12/08/2011 04:44 pm ET Updated Feb 07, 2012

Locked-in Syndrome

With the latest climate change conference winding down to another uneventful close, it appears that the fight to cap greenhouse gas emissions is suffering from "locked-in syndrome."

Doctors use that term to describe a patient's neurological state when they are fully conscious and capable of hearing, but unable to move or communicate, even in response to a life-threatening emergency.

Last month, the International Energy Agency, in releasing its annual World Energy Outlook, warned that "without a bold change of policy direction, the world will lock itself into an insecure, inefficient and high-carbon energy system." Four-fifths of the total energy-related CO2 emissions permitted to 2035 in the IEA's "450 Scenario" are already locked-in by the existing capital stock of power stations, buildings and factories. Without further action by 2017, "the energy-related infrastructure then in place would generate all the CO2 emissions allowed in the 450 Scenario up to 2035."

With Canada bailing out of the Kyoto agreement, and China and the U.S. proposing that any binding limits not go into effect until 2020, it is all but inevitable that the international community will fail to act in time to avoid some of the worst effects of climate change. We are, for all practical purposes, locked-in. And not just to catastrophic climate change.

The demands that we are placing upon the Earth's renewable resources already exceed the Earth's ability to replenish those resources. Astronomers have recently discovered more "earths" out there, but, unfortunately for us, we only have one, and the Global Footprint Network says that we will need two by 2050 to meet the projected growth in population and consumption.

A few years ago, the UN's Food and Agriculture Organization warned that food production would have to increase by 70 percent by 2050 to keep up with projected population growth and changing diets. Last month, a University of Minnesota study upped the agricultural ante; it warned that the world's demand for food will likely double by 2050. Population and consumption, according to their calculations, are rising faster than previously projected.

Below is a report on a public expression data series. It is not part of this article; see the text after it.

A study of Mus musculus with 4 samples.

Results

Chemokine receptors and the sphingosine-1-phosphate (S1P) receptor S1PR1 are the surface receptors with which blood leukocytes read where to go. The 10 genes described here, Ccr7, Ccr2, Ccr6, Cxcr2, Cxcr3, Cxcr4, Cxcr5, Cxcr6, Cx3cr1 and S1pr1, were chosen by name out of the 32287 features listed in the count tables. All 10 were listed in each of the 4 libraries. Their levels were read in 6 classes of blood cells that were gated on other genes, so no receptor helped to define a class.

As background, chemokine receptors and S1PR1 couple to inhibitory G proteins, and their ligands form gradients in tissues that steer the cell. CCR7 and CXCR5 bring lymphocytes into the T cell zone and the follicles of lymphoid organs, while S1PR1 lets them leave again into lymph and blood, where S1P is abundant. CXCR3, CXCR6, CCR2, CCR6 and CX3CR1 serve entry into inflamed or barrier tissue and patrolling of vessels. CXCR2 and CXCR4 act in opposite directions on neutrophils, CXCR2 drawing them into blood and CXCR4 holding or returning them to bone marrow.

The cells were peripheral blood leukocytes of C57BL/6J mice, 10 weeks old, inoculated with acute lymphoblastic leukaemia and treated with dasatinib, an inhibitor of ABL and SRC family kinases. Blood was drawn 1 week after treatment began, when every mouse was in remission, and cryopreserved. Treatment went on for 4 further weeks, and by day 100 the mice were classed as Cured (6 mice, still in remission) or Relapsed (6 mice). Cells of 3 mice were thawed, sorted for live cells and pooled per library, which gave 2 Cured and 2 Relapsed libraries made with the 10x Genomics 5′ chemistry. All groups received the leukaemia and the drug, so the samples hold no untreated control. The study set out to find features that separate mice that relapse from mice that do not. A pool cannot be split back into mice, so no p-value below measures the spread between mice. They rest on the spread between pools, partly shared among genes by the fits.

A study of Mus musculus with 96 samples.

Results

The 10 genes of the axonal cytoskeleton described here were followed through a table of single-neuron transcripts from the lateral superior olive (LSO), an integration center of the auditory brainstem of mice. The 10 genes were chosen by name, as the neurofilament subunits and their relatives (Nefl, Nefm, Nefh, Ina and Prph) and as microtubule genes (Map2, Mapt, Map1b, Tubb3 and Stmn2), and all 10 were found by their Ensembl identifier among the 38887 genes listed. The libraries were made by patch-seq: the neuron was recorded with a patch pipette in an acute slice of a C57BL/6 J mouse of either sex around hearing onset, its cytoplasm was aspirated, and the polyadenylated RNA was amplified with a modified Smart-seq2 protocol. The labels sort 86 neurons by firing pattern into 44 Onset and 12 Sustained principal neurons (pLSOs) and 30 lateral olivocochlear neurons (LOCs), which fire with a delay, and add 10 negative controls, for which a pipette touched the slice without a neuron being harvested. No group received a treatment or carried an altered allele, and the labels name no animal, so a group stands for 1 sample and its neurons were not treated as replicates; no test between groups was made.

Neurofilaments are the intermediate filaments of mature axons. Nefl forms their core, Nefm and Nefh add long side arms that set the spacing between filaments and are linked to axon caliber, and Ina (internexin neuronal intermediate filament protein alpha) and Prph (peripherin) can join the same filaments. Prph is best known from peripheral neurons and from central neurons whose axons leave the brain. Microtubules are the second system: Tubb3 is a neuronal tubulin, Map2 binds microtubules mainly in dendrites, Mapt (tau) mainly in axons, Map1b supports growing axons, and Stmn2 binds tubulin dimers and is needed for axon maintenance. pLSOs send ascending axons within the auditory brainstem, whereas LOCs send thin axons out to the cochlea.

The report noted that absent a major shift in agriculture production methods, the increased agricultural output needed to satisfy that demand will lead to increased deforestation and use of fertilizers with correspondingly "major environmental impacts" on "species extinctions, loss of ecosystem services, elevated atmospheric GHG levels, and water pollution." If current levels of land clearing continue, "more than 2.5 billion acres of land would be cleared by 2050, an area the size of the United States."

Last month, the Commission on Sustainable Agriculture and Climate Change, a high-level international taskforce established by Consultative Group on International Agricultural Research (CGIAR) issued a similar warning, declaring:

"Business as usual in our globally interconnected food system will not bring us food security and environmental sustainability. Several converging threats -- from climate change, population growth and unsustainable use of resources -- are steadily intensifying pressure on humanity and world governments to transform the way food is produced, distributed and consumed."

Similarly dire forecasts are being issued with respect to our water and energy needs, the state of the oceans, and the loss of biodiversity. Despite all the international agreements, conventions, and pronouncements on these, and other global challenges, our inaction speaks much louder than our words.

We are, for the moment, locked-in to a course that is almost certainly unsustainable. When we hit the proverbial wall is anyone's guess. It could be in a decade, maybe three or four decades, but the wall is there.

Our best hope, and it's an increasingly slim one, is that the "global body politic," if such an entity really exists, can be spurred to action on climate change and other challenges before it's too late.

In the meantime, the U.S. and other donor nations should be doing more to help developing countries build the resilience that they need to adapt to climate change. But even on that front, very little action is occurring. With only hours left to go at the climate conference in Durban, the delegates are still scrambling to agree upon a basic framework for the $100 billion Green Climate Fund that is to be set up to help developing nations adapt to climate change. Little or no progress is expected on the actual pledges needed to finance the fund.

There is no cure or effective treatment for the neurological version of "locked-in syndrome." Whether there is a cure for the political equivalent remains to be seen, but if the Durban climate change conference is any indication, the prognosis is not good.